James Gatz' schedule as a young boy reveals several things to the reader. First, it reveals that he had an 8 hour a day credible job. This is something we don't see in the book. Second, it reveals that before and after work, he made the effort to improve himself mentally and physically. Finally, it demonstrated he had resolves which meant improving himself morally. He specifically chose not to smoke or chew. He wanted to improve his treatment of his parents. He wanted to have good hygiene and save his money.
These resolves certainly display the man we see on the outside when we meet Jay Gatsby, but the man on the inside must be different.
There's a certain poignancy in the young James Gatz's schedule. It places him in an old-fashioned American tradition of self-improvement, bringing to mind figures such as George Washington and Benjamin Franklin. It also reminds us of the Protestant examination of conscience that we connect with the early settlers of our continent, the Puritans and pilgrims. This is especially so in Gatz's list of "resolves": "No more smokeing [sic] or chewing ... Be better to parents." In its staidness, the schedule jars us, showing us a side of Gatsby different from the lavish host of wild parties flowing with illegal liquor, and different as well from the Gatsby with ties to criminal enterprises. If Gatsby is a representative of the American Dream, both corrupted and pure, the schedule is a window into his purer side. It connects us with the puritanical Gatsby beneath the smooth, genial surface of the man-about-town in the pink suits. This is the same Gatsby who is the only person at his parties who doesn't drink, the Gatsby who goes all summer without ever once using his glamorous pool.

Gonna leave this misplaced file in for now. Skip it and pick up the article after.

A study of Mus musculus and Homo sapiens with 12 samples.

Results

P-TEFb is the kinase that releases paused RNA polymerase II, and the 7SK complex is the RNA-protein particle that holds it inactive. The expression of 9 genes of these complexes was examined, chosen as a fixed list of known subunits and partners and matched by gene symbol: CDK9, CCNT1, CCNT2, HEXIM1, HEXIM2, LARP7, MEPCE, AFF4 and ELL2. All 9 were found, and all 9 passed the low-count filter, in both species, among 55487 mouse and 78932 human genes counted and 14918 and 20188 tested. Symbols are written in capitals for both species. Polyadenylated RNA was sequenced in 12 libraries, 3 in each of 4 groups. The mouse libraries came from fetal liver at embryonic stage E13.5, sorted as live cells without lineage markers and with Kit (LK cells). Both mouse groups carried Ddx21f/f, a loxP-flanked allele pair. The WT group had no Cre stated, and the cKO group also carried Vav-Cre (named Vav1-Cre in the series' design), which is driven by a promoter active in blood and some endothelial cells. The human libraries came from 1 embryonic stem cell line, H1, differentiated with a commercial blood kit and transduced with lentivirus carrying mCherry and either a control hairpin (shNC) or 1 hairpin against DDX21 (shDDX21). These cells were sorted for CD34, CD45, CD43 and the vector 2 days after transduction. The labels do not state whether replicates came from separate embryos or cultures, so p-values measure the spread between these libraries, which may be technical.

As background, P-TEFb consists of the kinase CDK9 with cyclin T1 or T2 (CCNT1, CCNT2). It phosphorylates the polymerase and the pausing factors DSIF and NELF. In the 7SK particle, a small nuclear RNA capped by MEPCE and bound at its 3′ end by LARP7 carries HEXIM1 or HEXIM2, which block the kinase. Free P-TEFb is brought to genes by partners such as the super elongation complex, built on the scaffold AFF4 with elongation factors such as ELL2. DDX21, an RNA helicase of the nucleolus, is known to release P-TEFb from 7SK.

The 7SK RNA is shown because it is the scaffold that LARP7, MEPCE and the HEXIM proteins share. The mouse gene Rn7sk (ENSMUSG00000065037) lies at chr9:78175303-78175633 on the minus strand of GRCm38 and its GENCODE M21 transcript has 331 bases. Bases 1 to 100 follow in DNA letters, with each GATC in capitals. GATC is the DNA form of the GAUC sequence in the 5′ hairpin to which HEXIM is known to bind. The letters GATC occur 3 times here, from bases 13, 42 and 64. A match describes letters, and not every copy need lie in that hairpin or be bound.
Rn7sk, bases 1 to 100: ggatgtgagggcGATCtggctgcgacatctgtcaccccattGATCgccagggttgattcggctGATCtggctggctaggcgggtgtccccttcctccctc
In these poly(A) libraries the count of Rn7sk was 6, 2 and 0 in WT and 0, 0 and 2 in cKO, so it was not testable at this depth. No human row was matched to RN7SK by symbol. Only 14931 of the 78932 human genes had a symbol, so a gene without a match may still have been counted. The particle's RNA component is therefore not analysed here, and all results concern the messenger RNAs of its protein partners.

The schedule also reveals young James' ambition, as his father so rightfully points out. It's the schedule of a person determined to get ahead. He wants to stick to a rigid schedule, to read self-improving books, and to "practice elocution, poise and how to attain it." How much of this he does or doesn't do is part of the mystery of who he is: he hasn't read the books in his library, as we know from the uncut pages, but he has attained a certain poise. Confronted with this raw reality of James Gatz, Nick retreats into satire, a weak joke. The father looks eagerly at Nick, and Nick can only muster, "I think he rather expected me to copy down the list for my own use." In the end, though, Nick's admiration will win out.